Yorkshire councils commit to raising local tax to pay for social care

LONDON, ENGLAND - OCTOBER 28:  Chancellor George Osborne departs Downing Street on October 28, 2015 in London, England. Yesterday Chancellor George Osborne promised to bring tax credit spending under control despite suffering a  defeat in the House of Lords last night. (Photo by Ben Pruchnie/Getty Images)

Last week was the deadline for councils across England to tell the Government whether they plan to raise council taxes by 2% to pay for social care.

The freedom to increase local taxes by 2%, above a previous 2% cap, was announced in last year’s Autumn Statement.

Until now, councils have been free to increase tax rates by 2% for any purpose but any hike above this would have to be put to a local referendum.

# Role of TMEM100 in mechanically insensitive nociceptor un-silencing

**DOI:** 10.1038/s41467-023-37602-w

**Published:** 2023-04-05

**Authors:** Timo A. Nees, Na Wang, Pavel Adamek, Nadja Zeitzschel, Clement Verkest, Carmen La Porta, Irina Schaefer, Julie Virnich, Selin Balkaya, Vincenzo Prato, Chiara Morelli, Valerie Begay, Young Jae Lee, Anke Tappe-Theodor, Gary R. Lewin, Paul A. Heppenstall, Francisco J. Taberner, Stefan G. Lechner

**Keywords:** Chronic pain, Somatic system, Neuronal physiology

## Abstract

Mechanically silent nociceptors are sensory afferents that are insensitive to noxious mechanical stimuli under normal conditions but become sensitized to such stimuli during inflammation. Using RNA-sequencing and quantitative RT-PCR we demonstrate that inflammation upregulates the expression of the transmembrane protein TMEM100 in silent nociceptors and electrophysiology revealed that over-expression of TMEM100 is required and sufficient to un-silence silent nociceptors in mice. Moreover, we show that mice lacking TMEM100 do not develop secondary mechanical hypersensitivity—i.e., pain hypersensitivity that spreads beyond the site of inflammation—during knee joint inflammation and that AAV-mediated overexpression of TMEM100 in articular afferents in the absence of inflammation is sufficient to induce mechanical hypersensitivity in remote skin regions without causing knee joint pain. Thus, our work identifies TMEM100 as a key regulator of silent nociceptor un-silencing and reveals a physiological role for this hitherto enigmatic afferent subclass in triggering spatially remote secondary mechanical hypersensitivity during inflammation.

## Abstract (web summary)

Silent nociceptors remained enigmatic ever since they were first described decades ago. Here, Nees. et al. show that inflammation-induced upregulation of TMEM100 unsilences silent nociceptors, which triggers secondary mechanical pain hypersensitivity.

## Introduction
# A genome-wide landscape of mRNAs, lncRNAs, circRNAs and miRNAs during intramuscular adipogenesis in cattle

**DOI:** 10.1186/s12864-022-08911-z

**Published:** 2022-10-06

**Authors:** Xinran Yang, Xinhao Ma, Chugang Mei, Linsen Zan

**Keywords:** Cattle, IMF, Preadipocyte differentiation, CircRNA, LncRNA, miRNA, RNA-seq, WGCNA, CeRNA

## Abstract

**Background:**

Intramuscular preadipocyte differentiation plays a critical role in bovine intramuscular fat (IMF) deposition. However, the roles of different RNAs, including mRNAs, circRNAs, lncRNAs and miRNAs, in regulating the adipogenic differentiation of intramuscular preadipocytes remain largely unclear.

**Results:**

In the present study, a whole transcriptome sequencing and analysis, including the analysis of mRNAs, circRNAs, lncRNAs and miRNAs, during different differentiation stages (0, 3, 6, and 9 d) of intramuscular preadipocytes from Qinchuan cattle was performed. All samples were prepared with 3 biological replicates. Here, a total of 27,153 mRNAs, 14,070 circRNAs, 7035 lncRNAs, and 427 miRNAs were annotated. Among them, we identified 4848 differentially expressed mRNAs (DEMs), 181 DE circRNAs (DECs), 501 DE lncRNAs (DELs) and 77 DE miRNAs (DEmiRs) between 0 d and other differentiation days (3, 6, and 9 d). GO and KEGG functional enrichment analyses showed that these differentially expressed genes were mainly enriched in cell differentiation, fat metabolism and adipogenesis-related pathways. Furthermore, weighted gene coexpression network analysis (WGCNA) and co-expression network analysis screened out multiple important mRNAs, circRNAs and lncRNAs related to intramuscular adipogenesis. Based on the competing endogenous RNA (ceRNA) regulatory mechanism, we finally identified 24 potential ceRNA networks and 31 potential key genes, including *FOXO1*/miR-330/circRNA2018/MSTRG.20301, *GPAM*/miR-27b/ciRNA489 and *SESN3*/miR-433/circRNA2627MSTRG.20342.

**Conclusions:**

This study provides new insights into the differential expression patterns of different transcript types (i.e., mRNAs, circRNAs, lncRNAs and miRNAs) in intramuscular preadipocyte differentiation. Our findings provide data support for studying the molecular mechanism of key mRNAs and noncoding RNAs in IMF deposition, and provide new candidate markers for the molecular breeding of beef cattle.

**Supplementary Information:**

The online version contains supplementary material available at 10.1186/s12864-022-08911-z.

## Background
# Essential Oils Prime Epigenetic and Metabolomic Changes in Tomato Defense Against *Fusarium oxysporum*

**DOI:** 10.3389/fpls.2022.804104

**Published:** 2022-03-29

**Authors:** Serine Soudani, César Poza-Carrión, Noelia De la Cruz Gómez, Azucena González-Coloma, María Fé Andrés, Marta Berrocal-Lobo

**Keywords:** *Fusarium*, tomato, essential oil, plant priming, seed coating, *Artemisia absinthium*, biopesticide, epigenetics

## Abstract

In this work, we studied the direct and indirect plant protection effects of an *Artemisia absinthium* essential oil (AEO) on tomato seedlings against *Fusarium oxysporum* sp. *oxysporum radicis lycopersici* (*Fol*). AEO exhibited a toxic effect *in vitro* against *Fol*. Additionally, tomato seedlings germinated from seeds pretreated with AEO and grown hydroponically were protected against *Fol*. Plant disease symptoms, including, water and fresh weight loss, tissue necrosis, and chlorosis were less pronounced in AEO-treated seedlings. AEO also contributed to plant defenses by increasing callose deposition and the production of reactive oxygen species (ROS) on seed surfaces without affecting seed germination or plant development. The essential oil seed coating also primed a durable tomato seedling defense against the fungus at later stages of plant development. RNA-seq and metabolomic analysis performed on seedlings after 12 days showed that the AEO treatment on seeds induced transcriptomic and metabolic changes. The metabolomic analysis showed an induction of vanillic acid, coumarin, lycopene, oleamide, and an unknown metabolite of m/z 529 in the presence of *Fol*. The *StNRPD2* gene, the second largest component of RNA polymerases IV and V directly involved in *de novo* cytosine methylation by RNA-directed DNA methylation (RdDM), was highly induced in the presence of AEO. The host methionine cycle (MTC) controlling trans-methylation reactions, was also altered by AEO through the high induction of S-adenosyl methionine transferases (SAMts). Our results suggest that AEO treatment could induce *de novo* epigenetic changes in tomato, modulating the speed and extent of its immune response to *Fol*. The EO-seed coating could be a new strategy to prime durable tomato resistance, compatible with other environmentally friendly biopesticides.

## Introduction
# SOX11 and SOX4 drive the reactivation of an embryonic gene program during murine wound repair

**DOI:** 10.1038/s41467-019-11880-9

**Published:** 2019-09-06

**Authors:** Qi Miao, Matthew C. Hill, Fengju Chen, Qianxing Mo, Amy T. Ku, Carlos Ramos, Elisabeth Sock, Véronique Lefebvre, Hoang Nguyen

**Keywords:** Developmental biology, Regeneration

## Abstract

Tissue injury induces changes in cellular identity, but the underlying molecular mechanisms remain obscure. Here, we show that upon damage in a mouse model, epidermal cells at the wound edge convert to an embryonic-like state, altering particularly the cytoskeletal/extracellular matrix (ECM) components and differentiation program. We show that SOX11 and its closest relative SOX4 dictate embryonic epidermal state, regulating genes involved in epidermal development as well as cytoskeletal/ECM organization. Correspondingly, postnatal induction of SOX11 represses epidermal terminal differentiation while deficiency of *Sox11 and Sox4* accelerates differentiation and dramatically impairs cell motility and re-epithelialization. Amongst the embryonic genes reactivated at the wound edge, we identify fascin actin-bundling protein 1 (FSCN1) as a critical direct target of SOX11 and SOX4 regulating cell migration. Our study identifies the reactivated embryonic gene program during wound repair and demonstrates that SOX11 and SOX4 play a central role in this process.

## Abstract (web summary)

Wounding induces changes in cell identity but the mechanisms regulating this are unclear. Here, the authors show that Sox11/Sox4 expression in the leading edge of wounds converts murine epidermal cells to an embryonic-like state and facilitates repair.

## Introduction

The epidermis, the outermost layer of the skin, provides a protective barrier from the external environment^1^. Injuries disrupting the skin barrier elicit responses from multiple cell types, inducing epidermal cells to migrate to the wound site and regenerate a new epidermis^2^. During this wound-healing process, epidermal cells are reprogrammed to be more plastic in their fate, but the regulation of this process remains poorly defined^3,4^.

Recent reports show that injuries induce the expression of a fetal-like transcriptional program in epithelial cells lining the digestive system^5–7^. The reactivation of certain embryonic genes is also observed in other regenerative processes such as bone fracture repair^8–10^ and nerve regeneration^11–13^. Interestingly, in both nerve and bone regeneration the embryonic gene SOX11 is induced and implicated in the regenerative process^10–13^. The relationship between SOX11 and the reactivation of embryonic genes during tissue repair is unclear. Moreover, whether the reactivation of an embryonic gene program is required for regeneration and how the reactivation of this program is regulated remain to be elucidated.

It is so far unclear how many councils in England will take up this opportunity, but those in Yorkshire have broken cover and said that they are considering using the new power to raise money as they struggle to meet the growing cost of elderly care.

The Yorkshire Post reports that Rotherham, Barnsley, Wakefield, East Riding, Leeds, Bradford, Kirklees and North Yorkshire have confirmed they are contemplating the move but stressed councillors will have the final say as part of their budget process in the coming weeks.

North Yorkshire County Council leader Carl Les told the paper that it expected to raise an extra £5 million for social care, but that could cover only have the forecasted increase in social care costs.

Bradford Council leader David Green also criticised the Government’s rush to implement the changes. “The Government has set this timetable ignoring the need, also a Government requirement, for local councils to consult on their draft budget, and as some councils have not even produced theirs yet, the timetable for them to give absolute conformation is unrealistic if consultation is to be meaningful,” he told the Yorkshire Post.